Will the isolation give up the ongoing Malaysian mystery?

Perhaps Malaysian Airlines Flight 370 is located in the Indian Ocean. Perhaps not. After the immense speculation and leads given the public from corporate and government sources one could think the Boeing 777 jet with its contingent of almost 300 lives aboard might just be anywhere. It is heartening to think a possible crash site might finally be spotted, according to media reports.

The strange paths this Beijing-bound flight supposedly took and the elements to which the flight pertains is certainly a mystery worthy of fiction. If indeed this jet is found in almost completely the opposite direction from where it was headed, then that too seals the mysterious flight which headed out just after midnight from Kuala Lumpur on March 8. And while the 24-hour media has raised the possibility the 777 might perhaps had been en route to as far north as Pakistan, the possibility the aircraft and its passengers and crew may lie in the Indian Ocean east of Western Australia seems to make more sense than any other ultimate destination.

It didn’t really hit me at first when a newscaster commented this morning that the missing place could in a place as “remote” as to the east of Western Australia. When one looks at a map it really can understand just how far removed from civilization such a place really is.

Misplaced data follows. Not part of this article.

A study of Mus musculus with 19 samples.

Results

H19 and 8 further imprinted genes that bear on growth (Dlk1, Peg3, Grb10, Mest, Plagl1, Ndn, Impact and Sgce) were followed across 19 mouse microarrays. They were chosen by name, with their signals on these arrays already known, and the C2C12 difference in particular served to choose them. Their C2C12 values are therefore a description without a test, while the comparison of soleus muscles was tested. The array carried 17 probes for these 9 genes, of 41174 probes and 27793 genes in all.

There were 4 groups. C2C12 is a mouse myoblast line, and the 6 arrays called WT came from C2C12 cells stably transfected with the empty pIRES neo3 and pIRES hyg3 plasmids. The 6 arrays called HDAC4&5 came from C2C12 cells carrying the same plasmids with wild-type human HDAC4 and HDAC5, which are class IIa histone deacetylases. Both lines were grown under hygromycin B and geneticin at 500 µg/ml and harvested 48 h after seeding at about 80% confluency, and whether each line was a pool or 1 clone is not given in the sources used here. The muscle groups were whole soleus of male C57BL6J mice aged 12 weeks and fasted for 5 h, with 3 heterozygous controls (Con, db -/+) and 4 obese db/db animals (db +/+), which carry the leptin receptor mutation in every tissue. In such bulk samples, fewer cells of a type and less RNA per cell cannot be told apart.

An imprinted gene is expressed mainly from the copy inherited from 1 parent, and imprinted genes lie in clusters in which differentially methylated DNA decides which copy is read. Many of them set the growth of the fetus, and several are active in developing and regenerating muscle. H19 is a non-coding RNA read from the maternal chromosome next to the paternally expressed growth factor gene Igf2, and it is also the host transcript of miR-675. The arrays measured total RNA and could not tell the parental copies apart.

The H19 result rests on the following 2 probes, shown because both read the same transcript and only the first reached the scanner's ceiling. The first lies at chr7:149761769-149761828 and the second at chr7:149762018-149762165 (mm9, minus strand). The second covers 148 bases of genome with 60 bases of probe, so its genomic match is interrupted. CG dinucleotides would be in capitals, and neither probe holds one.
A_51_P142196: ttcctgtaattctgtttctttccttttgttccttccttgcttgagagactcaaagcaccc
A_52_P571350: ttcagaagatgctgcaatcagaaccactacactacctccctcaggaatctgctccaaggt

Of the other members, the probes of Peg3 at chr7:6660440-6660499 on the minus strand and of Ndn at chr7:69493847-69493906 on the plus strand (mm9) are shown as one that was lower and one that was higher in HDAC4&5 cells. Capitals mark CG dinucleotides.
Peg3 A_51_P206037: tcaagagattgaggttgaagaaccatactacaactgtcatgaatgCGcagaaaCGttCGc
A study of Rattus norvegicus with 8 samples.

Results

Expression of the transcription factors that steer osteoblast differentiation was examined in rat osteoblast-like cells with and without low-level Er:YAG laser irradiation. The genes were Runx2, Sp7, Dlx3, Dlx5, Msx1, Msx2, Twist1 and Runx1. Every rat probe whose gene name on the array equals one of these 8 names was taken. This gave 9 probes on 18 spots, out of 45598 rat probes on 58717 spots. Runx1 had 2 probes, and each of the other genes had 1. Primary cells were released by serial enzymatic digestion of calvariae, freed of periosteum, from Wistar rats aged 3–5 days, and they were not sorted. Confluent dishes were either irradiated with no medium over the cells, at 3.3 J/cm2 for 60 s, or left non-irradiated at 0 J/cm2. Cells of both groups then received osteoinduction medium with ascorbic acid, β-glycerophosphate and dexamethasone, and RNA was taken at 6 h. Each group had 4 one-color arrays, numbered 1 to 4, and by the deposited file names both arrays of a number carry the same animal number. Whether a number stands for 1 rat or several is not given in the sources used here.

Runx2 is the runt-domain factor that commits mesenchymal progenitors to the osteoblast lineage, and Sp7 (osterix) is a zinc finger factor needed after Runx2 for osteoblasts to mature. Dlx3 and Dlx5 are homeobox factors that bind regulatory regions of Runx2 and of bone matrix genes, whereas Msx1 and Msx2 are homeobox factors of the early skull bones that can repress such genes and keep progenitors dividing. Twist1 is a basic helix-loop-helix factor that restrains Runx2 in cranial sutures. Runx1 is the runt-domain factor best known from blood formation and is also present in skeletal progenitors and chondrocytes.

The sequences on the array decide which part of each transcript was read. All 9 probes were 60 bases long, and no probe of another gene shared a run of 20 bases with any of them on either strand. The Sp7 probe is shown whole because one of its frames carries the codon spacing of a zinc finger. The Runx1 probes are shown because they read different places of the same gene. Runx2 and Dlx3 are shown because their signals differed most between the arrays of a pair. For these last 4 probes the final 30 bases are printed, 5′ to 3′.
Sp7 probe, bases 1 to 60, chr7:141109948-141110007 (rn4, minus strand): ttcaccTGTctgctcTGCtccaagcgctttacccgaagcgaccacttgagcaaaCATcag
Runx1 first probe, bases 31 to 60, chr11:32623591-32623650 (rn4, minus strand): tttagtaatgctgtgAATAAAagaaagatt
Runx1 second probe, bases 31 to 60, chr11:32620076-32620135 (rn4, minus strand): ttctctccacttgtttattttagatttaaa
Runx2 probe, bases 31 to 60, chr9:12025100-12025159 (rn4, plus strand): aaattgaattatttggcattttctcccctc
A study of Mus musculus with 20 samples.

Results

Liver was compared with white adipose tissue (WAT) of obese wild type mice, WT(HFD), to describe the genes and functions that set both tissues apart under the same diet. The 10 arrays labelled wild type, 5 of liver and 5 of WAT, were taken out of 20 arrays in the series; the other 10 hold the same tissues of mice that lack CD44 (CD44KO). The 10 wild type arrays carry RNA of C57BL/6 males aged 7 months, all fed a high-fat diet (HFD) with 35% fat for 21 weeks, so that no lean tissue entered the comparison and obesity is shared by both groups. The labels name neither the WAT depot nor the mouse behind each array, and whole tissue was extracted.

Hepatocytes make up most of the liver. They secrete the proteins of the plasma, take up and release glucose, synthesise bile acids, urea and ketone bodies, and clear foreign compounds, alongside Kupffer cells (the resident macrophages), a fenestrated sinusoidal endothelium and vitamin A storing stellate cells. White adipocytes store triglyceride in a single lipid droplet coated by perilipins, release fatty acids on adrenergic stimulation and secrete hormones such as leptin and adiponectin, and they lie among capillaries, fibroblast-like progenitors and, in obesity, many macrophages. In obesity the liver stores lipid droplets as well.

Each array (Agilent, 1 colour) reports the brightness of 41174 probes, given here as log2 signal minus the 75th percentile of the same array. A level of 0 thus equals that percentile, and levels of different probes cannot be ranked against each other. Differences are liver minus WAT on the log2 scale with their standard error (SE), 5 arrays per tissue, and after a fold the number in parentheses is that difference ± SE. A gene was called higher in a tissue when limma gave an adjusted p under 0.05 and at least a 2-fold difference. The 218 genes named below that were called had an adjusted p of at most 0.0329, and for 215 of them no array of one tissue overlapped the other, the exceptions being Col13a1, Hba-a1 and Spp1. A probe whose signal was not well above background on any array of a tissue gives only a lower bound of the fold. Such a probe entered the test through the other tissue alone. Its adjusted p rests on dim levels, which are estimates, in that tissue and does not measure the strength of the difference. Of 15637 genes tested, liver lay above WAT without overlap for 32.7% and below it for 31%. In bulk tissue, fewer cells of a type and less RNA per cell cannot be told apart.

I made a trip once sailing out of Fremantle, the Swan River port city for Perth, Western Australia, headed for Jakarta, Indonesia. I don’t remember much about the passage, our two warships alone¬† out on the Indian Ocean. We had spent the better part of two months visiting ports all up and down the two major New Zealand islands and to three Australian ports in a semi-circular journey from New South Wales, to Tasmania and up to Perth. The majority of us sailors, under 25, had just experienced “sailor-man heaven.”

So I really cannot comment too much one way or the other about the trip across the western Indian Ocean and into the Java Sea. The only thing that really sticks out in my mind about the Indian Ocean is that it was generally hot as hell, it being during the heat of the southern winter. I did notice what appeared to be dirty-looking ocean water, it being one of those odd instances one comes across when at sea after awhile.

Few islands of the Indian to the west of Australia other than Madagascar are noteworthy.¬† The only place in the Indian Ocean where I have known people to go was Diego Garcia, British Indian Ocean Territory, home of the major U.S. Navy facility that was built in the 1970s mostly by Navy Seabees. A number of my Seabee friends were deployed there at one time or another. One even sent me a B.I.O.T. T-shirt though I don’t know what happened to it.

Yes, I would have to think that area west of of Perth is pretty remote as many ocean areas might be. Still the ocean is tranquil and desolate in many areas of the world as it is there. Hopefully, this remote area will soon uncover this ongoing mystery and provide some comfort to those with loved ones on Flight 370.